Tonight I prayed myself into going to Mass and before that, Confession. I was happy for myself, proud that I had given in and overcome my sloth. I got there in the middle of the Saturday confession hour, sure I was early enough. I was wrong. There were too many people in line, each confession taking too long. I couldn’t receive absolution and thus the Eucharist (I’m in a grave state for missing Mass last week). Angry, I stormed off, not bothering to sit through Mass.
I’m ashamed for having done so, but I’m frustrated that being a few minutes late means being denied the Eucharist, despite all my intentions.
So now you have two mortal sins for missing mass today, unless you go tomorrow. You can attend Mass without receiving communion you know. Did you stay for the whole amount of confession time or did you leave when you saw that the line was long. You could have gone to mass, not received and then ask the preist after mass if you could go to confession. You can make an appointment during the week or earlier on Saturday for confession. Please don’t stay away from mass.
That’s too bad. No one is ever turned away during Mass, in my parish. Priest begins to hear them before Mass, continues during Mass until no one else shows up. (Waits awhile.) Since there are two priests (minimum), the other one is the one saying Mass during that time frame.
(This routine continues 7 days a week.)
I’d say these priests have their priorities straight.
My dear friend, it sounds to me (because I’ve been there) that you are looking for excuses. You got there “in the middle of the Saturday confession hour,” for example. That would be on the Saturday before Ash Wednesday when most Catholics would EXPECT the lines to be long. So, on some level, did you know that you would not be able to make confession by not getting there early?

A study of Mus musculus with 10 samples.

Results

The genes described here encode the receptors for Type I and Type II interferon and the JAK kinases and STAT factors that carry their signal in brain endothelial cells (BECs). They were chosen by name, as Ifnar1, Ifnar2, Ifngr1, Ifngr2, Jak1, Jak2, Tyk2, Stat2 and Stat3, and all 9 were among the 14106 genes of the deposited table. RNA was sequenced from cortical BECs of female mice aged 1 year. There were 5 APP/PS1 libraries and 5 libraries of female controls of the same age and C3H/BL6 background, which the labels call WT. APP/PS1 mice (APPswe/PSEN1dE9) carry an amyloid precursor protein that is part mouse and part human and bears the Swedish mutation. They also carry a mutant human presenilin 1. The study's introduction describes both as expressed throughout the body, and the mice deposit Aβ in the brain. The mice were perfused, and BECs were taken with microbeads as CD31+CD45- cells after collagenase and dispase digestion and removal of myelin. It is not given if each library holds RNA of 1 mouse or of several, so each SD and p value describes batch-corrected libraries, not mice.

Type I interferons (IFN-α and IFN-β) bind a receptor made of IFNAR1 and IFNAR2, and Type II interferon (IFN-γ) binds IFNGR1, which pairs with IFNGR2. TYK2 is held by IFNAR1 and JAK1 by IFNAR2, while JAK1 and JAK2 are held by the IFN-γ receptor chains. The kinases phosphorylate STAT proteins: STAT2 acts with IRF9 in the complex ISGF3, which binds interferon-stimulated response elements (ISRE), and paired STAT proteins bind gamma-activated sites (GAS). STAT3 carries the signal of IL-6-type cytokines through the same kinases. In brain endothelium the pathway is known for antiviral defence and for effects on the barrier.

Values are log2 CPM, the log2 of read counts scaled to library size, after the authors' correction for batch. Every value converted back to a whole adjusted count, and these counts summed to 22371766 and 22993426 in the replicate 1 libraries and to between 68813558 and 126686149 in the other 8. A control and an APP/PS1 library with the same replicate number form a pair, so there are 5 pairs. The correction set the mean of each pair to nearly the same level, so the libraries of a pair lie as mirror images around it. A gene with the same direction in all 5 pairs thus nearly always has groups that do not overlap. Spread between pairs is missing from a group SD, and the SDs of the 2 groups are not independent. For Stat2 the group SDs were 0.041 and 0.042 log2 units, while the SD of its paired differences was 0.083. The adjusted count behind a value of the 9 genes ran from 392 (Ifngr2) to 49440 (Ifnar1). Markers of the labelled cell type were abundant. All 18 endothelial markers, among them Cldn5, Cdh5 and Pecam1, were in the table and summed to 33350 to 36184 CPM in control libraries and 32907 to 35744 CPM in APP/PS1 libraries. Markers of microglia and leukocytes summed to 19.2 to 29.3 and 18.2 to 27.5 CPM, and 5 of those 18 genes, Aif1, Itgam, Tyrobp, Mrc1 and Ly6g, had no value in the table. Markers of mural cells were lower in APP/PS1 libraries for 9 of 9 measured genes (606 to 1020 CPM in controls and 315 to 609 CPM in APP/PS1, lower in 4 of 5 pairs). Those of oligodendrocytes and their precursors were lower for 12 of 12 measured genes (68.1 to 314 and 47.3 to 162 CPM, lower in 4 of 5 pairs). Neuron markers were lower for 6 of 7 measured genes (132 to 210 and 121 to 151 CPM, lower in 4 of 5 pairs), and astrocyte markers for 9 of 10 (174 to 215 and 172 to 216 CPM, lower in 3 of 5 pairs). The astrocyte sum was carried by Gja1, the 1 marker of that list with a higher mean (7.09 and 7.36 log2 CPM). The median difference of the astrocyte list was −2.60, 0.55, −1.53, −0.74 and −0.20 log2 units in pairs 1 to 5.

And, because you could not receive communion, you still did not stay for Mass because you were angry? You certainly could have attended Mass and not received communion, have made a spiritual communion instead.
Sometimes we have to be spiritually honest and ask ourselves WHY we have set ourselves up for failure.
You know, I think you’re right, I am looking for excuses. I’m not sure about the some level…I admit that I went later because I didn’t want to wait around so long for Mass after Confession. And you know, that’s a poor excuse. I think I was frustrated with myself primarily and took it out on God and the Church, which does nothing but hurt me more. I need to schedule an appt for Confession to get this out. Thanks all for listening and responding.
Standing in a long line outside a confessional? I consider that a part of my penance.
It does burn me though, when the priest stops promptly at the minute listed as the end of the hour of confessions and tells a long line of people to return next week, or worse, stops early because of a golf date or dinner invitation.
To the OP, I’m not known for great patience, but there is mp reason to skip Mass on Sunday even though you cannot partake in Holy Communion. You can still make an act of spiritual Communion, asking God’s grace that you will be able to gain absolution and return physically to His table.
Nice job coming around. Now you are thinking rationally. Many of us have been there, done that. Did the priest realize that some were turned away and needed confession? You might want to let them know , perhaps they can offer another confession time or start earlier if there is a need.
(1) It augments the sense of community, and the community effects of sin.
(2) It equalizes all of us as penitents before God. (I often pray for those in front of me and behind me, that they will not lose hope, leave the line, or fail to confess everything.)
(3) It requires me to practice patience: not one of my best virtues.
(4) It gives me more time to consider my sins I’m about to confess, in the context of all 3 above.
(5) It gives me more time to pray for strength, courage, honesty in my confession – being so physically near to the confessional.
I once heard of a Confession line someplace where the people suddenly noticed that the bishop had joined the line. They all immediately moved aside to let him go first. He declined the honor with the words, “I don’t enjoy going to confession any more than you do.”
I couldn’t help but think what a wonder it is that there is a line at all for the confessional. It gives me hope for our church that folks are finally coming around to the realization that we NEED to seek God’s forgiveness and that the sacrament of reconciliation is yet another gift that He has given us.